Reviewing edits

Last revised by Kajanan Nithiyananthan on 1 Jun 2024

Reviewing edits on Radiopaedia is paramount to ensuring that our content is relevant and of high quality.

This page is mostly useful for editors of the site but may be helpful for general users to gain an insight into what happens behind the scenes at Radiopaedia.

Whenever an edit is made to a case or article, it is recorded. Reviewing a clustered set of edits on a case or article (i.e. a changeset) allows the editorial team to ensure that the edits meet our publishing guidelines and also adhere to best-practice. This is especially true when considering any identifiable information on imaging studies.

The concept of Radiopaedia's case library is that it is composed of "personal cases that are shared publically" - in this setting, while editors should aim for adherence to the style guide, this does not have to be strictly enforced as long as the case looks professional, is readable with no spelling or grammar errors, etc. 

For articles, the style guide should be strictly followed as articles have no personal ownership.

The editor is asked to make a decision about whether the contribution is up to an appropriate standard (sideways arrow) or not (down vote). If an edit is essentially perfect then it gets a up vote. 

New cases and articles made by users who are relatively new remain unpublished until this process has taken place.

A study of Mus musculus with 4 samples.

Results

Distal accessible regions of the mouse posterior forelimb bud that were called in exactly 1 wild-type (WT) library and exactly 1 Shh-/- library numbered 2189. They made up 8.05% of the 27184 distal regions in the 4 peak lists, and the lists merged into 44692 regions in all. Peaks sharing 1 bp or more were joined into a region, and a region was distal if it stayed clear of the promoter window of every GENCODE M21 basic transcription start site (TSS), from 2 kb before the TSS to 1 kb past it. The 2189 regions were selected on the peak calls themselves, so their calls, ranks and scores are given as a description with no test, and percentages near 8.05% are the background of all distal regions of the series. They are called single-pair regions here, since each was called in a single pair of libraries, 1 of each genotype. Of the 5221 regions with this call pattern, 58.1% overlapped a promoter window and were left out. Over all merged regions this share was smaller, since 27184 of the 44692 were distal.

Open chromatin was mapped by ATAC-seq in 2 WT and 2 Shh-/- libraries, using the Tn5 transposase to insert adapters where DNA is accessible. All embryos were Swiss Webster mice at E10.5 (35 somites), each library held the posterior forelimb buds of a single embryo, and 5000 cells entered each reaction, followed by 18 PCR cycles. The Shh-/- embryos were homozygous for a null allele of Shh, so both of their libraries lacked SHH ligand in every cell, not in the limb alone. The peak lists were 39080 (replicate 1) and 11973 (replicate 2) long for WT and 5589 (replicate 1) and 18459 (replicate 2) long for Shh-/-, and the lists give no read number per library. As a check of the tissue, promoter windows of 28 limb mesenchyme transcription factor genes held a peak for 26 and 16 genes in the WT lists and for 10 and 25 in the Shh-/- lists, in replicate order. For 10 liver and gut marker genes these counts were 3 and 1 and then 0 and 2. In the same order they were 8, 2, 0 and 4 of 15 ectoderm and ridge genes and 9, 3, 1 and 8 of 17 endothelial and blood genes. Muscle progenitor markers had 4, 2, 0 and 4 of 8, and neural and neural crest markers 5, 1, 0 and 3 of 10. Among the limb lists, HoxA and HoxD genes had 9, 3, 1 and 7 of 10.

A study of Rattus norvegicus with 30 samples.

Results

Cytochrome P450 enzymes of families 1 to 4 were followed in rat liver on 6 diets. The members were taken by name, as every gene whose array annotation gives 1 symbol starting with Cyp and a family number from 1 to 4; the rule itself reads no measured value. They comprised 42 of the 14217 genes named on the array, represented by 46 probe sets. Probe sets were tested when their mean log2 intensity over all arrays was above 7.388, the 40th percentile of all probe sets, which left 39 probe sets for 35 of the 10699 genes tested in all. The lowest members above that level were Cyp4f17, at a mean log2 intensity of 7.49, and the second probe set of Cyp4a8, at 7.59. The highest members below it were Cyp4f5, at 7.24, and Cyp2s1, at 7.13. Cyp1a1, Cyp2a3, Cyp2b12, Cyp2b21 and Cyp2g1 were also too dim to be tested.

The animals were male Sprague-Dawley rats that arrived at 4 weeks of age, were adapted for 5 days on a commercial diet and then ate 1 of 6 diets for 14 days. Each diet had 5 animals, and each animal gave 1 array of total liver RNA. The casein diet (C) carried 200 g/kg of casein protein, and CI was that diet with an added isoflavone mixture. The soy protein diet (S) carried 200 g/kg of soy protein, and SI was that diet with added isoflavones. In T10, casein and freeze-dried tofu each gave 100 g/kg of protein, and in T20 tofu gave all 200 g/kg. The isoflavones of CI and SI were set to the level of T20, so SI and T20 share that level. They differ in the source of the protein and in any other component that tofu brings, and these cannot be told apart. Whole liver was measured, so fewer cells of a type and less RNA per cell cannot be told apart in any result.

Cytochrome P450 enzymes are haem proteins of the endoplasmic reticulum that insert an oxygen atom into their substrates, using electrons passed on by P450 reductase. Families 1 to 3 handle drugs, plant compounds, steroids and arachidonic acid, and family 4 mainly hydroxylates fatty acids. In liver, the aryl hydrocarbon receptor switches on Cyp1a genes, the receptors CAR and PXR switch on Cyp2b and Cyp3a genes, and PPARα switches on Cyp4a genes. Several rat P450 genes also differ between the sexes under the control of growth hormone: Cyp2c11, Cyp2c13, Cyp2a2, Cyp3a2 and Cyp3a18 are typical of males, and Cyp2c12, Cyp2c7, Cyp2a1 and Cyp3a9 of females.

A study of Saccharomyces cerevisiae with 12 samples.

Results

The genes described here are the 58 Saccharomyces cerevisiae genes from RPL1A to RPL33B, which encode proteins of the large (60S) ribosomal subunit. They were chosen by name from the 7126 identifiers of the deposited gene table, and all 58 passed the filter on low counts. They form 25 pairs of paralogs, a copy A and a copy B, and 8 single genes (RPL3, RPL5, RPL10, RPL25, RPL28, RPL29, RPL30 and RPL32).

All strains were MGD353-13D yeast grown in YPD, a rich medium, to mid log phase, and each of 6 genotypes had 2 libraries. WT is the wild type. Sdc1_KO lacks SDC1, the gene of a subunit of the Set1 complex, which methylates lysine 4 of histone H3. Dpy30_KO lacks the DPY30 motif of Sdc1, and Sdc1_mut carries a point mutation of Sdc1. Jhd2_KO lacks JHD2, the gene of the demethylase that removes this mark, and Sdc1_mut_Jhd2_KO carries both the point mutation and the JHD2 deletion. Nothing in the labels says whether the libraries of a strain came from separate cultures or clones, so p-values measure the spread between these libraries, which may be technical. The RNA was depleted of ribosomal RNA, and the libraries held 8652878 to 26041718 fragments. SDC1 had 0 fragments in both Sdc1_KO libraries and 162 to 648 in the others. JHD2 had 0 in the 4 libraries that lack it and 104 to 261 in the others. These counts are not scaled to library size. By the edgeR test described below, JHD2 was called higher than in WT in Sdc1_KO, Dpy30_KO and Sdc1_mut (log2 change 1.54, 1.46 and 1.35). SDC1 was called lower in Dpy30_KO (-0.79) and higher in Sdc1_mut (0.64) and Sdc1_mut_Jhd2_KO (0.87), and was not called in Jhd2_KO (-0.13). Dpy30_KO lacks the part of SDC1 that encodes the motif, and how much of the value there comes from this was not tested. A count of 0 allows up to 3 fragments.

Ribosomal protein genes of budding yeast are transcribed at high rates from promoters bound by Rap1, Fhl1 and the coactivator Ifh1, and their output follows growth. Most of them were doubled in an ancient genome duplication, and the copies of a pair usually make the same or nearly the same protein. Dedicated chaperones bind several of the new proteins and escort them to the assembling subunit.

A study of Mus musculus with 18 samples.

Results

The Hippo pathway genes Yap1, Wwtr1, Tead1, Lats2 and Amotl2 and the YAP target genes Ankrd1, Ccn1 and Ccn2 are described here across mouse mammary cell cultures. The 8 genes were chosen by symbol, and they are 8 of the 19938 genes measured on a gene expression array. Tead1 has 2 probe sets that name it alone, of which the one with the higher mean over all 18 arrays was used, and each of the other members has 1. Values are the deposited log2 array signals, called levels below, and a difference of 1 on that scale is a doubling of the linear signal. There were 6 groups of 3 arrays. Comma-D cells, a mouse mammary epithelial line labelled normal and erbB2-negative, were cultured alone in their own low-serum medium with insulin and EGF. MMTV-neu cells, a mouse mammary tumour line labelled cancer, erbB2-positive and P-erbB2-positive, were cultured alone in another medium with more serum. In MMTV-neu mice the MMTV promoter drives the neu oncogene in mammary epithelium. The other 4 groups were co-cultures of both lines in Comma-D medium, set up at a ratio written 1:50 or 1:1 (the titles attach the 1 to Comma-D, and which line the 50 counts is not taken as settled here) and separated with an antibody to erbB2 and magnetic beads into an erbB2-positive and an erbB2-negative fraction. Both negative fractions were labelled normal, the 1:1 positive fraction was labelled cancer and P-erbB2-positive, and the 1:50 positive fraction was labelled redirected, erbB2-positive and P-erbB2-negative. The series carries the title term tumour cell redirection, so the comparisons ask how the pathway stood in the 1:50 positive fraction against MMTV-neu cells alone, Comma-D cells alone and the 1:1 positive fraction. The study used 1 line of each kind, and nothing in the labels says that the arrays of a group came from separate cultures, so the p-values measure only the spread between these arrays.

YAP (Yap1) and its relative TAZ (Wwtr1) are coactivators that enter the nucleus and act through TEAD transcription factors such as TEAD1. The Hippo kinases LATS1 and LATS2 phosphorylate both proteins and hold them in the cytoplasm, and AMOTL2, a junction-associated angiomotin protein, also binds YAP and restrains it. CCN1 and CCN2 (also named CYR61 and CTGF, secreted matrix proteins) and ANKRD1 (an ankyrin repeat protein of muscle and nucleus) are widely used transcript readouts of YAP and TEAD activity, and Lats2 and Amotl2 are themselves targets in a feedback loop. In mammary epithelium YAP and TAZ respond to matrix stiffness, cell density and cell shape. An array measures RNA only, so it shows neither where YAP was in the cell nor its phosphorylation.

Vote up is reserved for contributions that are near perfect; in other words, they are in line with all aspects of the style guide and demonstrate a high-quality contribution. If the case or article was unpublished, it is published. Vote up should not be used for minor edits (e.g. fixing a spelling or punctuation error).

If the editor is generally happy with the contribution, but there are some minor issues with it, such as spelling, style, etc. they choose a neutral approval. If the case or article was unpublished, it is published. They can return to review more changesets or make edits to further refine and improve the current case or article.

If the editor is concerned about the quality of the changeset and gives a down vote, the article will still be published. However, the editor has a number of options:

  • make an edit to improve the article or case

  • contact the user to raise concerns about style or content

  • if it is a case, it can be pushed back into draft mode (unpublished) for the user to refine (and this should be accompanied by an explanatory note)

  • if it is spam, marking it as such will report the user to the managing editors who will take appropriate action

'Down vote', is strictly content-based, and not on individual users, in fact, editors will 'down vote' each other and discuss why to ensure edits are to the highest standard. 

All this work helps to ensure that content remains awesome.